What is The Fury about?
CIA agent Peter Sandza (Kirk Douglas), miraculously escapes death at the hands of evil secret agent Childress (John Cassevetes), and returns on a rogue mission to free his son, Robin (Andrew Stevens), a para-psychological freak of nature, who has been kidnapped and is being programmed in order for his powerful psychic abilities to be harnessed for military purposes. Gillian (Amy Irving), another freak of nature, only not yet as strong as Robin, is manipulated by Sandza to find where his son is housed. An all-mighty confrontation is on the psych-cards… But who will survive and what will be left of them?
The Fury Review
After the smashing success of Carrie (1976), an adaptation of Stephen King’s excellent first novel, director Brian De Palma decided he wasn’t yet finished with telekinesis, so intensified the telepathy, doubled the angst, thrust his Carrie co-star (Irving) into the leading light, and delivered one of the most diabolical movies of his career. Diabolically awful.
Much of The Fury’s awfulness is due to the screenplay, courtesy of author John Farris adapting his own book. The story might’ve played out better on the novel’s page, but Farris lacks the necessary skills as a screenwriter. We’re left with a bungled arrangement of scenes where the tension is jolted and jarred along like the stop-start rhythms of a toy train set.
Within minutes of the movie’s opening, it is painfully obvious De Palma has dropped the ball. Kirk Douglas and John Cassavetes are acting like a couple of prize hams. One familiar with Cassavetes’ own career as an indie filmmaker may forgive him, as he did high profile, well-paying Hollywood roles in order to finance his own leftfield DIY ventures, but still, it’s an embarrassment. Douglas had already been sliding into the cheese, and The Fury only upped the stink factor.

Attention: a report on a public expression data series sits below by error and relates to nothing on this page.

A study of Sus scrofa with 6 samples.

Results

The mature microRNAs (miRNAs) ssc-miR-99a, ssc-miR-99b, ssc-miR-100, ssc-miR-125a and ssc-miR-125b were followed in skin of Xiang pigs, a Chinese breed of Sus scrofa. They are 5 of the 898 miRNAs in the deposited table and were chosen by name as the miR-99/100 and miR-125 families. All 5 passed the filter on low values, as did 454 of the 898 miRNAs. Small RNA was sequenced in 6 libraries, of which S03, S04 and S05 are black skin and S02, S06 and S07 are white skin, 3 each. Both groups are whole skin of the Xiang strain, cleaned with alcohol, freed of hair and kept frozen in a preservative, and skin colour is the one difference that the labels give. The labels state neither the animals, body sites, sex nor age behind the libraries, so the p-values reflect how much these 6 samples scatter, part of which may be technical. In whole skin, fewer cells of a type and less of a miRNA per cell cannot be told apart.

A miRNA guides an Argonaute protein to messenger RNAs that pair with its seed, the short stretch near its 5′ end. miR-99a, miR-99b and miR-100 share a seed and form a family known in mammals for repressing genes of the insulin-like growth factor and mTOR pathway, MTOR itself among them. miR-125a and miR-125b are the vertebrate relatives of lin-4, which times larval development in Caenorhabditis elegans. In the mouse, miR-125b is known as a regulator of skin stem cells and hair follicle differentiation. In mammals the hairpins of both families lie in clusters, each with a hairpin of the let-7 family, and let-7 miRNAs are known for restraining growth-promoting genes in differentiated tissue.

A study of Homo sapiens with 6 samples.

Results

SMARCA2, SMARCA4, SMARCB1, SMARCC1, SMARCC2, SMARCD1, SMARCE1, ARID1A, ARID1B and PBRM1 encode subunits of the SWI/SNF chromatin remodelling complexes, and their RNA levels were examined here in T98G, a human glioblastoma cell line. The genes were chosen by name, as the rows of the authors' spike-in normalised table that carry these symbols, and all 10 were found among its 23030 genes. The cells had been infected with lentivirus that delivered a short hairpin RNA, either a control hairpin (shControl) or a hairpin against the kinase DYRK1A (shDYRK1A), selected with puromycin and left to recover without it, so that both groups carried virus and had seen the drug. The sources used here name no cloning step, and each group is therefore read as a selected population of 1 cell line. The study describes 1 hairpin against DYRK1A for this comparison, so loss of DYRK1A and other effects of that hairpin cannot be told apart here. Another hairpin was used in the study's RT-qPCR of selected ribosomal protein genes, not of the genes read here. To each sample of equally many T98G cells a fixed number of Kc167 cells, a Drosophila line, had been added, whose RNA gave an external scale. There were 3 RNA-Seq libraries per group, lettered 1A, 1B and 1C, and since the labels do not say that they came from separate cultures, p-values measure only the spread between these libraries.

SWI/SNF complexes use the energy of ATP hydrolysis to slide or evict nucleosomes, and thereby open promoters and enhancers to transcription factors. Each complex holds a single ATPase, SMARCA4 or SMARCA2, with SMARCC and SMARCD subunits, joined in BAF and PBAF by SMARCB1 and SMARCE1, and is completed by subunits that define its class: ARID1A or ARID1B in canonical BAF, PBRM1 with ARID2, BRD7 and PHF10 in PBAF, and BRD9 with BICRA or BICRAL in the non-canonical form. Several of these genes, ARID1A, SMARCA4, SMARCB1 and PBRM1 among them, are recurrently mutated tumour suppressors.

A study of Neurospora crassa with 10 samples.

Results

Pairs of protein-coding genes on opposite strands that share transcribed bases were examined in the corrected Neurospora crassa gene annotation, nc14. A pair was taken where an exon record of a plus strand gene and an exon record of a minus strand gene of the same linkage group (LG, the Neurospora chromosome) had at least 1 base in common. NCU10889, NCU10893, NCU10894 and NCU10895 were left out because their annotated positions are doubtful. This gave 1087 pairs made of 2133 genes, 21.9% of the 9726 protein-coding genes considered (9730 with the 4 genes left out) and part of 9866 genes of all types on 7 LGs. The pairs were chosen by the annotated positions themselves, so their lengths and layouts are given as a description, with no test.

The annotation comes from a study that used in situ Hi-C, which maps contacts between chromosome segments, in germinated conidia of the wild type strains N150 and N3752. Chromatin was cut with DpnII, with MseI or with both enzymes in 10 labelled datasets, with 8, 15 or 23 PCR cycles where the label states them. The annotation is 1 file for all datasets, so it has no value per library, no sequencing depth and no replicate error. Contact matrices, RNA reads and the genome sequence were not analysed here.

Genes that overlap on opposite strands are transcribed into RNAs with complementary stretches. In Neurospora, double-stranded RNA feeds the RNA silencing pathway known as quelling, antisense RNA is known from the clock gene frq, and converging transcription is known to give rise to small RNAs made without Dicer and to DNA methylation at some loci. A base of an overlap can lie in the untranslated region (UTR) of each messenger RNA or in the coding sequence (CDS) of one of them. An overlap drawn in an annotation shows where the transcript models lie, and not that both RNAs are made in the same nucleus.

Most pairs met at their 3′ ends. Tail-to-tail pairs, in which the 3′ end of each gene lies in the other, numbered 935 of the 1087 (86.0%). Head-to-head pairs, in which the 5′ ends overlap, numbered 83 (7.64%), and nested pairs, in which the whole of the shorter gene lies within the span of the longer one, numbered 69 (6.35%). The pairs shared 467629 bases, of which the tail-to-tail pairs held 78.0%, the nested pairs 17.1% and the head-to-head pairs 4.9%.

While Amy Irving was good as support in Carrie, she’s out of her depth in the lead, frozen like a deer in the headlights. The rest of the cast are pitiful at best, especially the dreadful Stevens (no wonder his career sunk without a trace), and toffee-nosed Fiona Lewis, her face etched into a perpetual pout, as Dr. Susan Charles. Charles Durning, as another doctor, struggles to rise above the mire.
Operating like a melodramatic spy thriller, laced with the supernatural, The Fury descends into full-blown horror in the last ten-to-fifteen minutes. It’s a truly visceral epilogue, but it’s so over-the-top that it provokes a guffaw, rather than awe. De Palma indulges in the extremity, repeating the moment from not one angle, not two, nor three or four different angles, not even five, six, seven or eight … but thirteen different angles!
The special effects are hokey; the whole look of the production is like a TV movie, with only a couple of distinguishable “De Palma” set-pieces. The acting is abysmal, the thriller intrigue is tedious, the drama is pedestrian, and the horror is risible. Worse still the whole movie is entirely devoid of any of the emotional resonance it demands, it fails spectacularly on all levels.
It’s amazing De Palma could so royally screw up after getting it so right with Carrie. Thankfully he made enough notes to self and a return to form – and while Dressed to Kill (1980) is considered a notorious cult fave, its undeniable that he followed that with the two of the best movies of his entire career, the modern classics Blow Out (1981) and Scarface (1983).